The tents in the camp we are managing are leaking. It is cold and it is raining. The tents are single skin canvas family tents and we have tried waterproofing them using a layer of plastic sheeting, but they are still very wet inside. What can we do?
This is a question that I've been asked in the field so I wanted to share it with everyone on KnowledgePoint
Thank you for your question. Tents should be kept dry inside because damp can encourage mould growth and respiratory infections.
There are two possibilities. The first is that the tents are indeed leaking when it rains, and the second is that condensation from breathing, sweating and cooking, is building up in the tents causing the canvas to remain damp. If the tents are leaking then it will be noticeably worse when it rains, with dripping from specific places, and damp patches are likely to be localized around the seams. However, the area of roof directly under the plastic sheet should stay reasonably dry. If condensation is the issue then the damp will be fairly evenly spread across the roof.
If the tents are leaking it is possible to purchase waterproofing spray, but the tents will need to dry out before using it. You will need access to alternative accommodation for the families close by so you can rotate them into it while you treat a small number of tents at a time.
It is more likely that condensation is the problem, and plastic sheet touching the canvas will trap the moisture in the tent. Fixing it away from the canvas may help. This can be done by attaching guy ropes to the four corners of the sheet and at one meter centres, then pegging out the ropes so the plastic sheet is at a shallower angle than the roof of the tent. The plastic sheet may still provide some benefit by trapping warm air just above the canvas, which is the principle of a double fly tent. In general single fly tents should not be used for family shelter.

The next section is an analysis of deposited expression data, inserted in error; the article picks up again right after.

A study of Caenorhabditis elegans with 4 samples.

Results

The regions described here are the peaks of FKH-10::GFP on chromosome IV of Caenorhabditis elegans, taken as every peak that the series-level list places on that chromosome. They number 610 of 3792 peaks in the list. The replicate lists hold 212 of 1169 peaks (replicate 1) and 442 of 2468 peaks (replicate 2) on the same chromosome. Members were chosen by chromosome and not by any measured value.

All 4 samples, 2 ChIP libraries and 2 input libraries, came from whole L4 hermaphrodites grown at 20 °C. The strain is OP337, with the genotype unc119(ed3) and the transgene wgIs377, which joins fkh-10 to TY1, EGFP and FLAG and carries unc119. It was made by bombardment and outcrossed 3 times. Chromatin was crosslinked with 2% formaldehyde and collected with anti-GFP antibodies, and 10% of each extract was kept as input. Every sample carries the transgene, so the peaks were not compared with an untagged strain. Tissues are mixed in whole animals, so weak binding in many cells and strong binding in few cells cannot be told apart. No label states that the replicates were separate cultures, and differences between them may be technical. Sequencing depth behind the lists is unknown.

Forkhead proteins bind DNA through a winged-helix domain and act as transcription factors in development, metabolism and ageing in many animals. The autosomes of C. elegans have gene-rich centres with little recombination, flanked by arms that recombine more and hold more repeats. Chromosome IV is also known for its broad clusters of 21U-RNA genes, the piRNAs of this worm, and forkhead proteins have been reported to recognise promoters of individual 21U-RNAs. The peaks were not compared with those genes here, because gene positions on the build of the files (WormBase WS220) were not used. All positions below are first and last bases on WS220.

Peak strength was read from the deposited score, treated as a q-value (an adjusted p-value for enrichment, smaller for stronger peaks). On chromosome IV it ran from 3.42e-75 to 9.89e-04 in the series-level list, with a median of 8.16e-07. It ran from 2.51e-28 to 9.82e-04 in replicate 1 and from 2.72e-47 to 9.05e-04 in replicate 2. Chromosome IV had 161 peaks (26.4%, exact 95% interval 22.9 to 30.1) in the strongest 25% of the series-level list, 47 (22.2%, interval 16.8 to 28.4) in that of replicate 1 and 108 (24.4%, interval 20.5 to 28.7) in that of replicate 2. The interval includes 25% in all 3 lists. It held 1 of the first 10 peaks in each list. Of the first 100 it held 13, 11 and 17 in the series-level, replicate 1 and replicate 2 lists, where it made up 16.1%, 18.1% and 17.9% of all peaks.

For details on how to attach ropes to plastic sheet please see: Plastic Sheeting: A guide to the use of plastic sheeting in humanitarian relief, Chapter A.5, Fixing Plastic Sheeting p26. http://policy-practice.oxfam.org.uk/p...
To reduce the condensation the tent must be ventilated as much as possible. This is not easy in cold weather because it means letting in cold air, but if the family can leave the doors open several times a day this should help. Reducing the number of people staying in each tent will also contribute, if you have enough land, additional tents and families who are willing to split their members between tents.
A more radical, but common, solution is to locate the tents in a large indoor space such as a hangar or hall, where the air immediately outside the tents will be dryer and warmer. An added benefit to this arrangement is the large covered space outside the tents that families can use without getting cold.
Tents are the best answer in many cases. However with so many climatic problems, there needs to be something else. These needs to be something that is fast and resistant to the weather over the long term. Tent-houses are the answer. Using Air-form construction. They are almost as fast to construct as a tent, are almost as strong as a house and more waterproof than any other form of normal house. Constructed with rubble. They are the ideal new method for re-homing the islands of Caribbean, helping refugees and particularly good for longer term camps. They can be constructed any size and one village of 9 structures with WC and kitchen. We have a top UK academic, experts and property developer endorsing this project. We have a very wealthy investor who wants to partner with an NGO or NGOs on this and give people solid homes. With today's weather it is an absurdity to expect tents alone to be up for the job of rapid shelter. It is incorrect to believe anything less than rapid build homes are required with today's climate. We have a prototype constructed in Surrey. Anyone interested in partnering with us please contact me.